Sculptures, stations and the Southern Tablelands.

As timeless as railway tracks, as graceful as a new dawn, three sculptures will remember World War One veterans in Goulburn, Moss Vale and Picton. Acclaimed visual artist Tracy Luff has released sketch plans of the works. They will stand at three railway stations along what was known during the war years as the Great Southern Line. Creating the sculptures began in 2015, the 100th anniversary of the Anzac landing, when Southern Tablelands Arts conceived the idea.

Collaborating with researcher Dr Mary Hutchison from the Australian National University, Ms Luff has drawn on stories of struggle in the aftermath of the Great War. “These are the stories of railway workers who worked on the Great Southern Line, enlisted and fought in World War One, and then returned to once again work on the railway,’’ Ms Luff says.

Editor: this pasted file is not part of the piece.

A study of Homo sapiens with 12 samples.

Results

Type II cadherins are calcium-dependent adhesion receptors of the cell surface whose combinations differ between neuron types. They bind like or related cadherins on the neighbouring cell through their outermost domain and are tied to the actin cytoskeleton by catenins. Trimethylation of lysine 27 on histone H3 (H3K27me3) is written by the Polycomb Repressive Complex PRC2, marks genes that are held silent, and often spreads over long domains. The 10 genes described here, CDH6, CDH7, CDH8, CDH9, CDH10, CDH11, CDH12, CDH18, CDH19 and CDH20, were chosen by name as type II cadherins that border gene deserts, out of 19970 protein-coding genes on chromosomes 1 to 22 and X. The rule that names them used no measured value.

Khaki green and black stains on the works represent remnants of war service, nightmares, grief and night shifts on gloomy stations. The sculpture’s shapes represent nurturing and feelings of caring. Moss Vale and Picton’s works reflect the veterans’ musical and sport connections with their community. “The timber components of the sculpture are all recycled old railway sleepers,” Ms Luff says. “They could be linked to a time when a returning veteran laid them. They supported the trains carrying many of our brave young men to war and back.’’


Southern Tablelands Arts executive director Susan Conroy says the sculptures would not have been so informed had it not been for painstaking research into the soldiers and their families. “Five loco employees from Goulburn, who enlisted together, who would have all left and returned to their hometown with the sound of a train’s steam whistle in their ears, are commemorated,” Ms Conroy says. “These evocative sculptures will be secured in concrete foundations once we receive the final approvals. They will be a constant source of pride for the region’s railway workforce, past and present, and wider community.’’

“The project has well captured soldiers’ experiences and ongoing consequences for the men and their loved ones,” Ms Conroy says.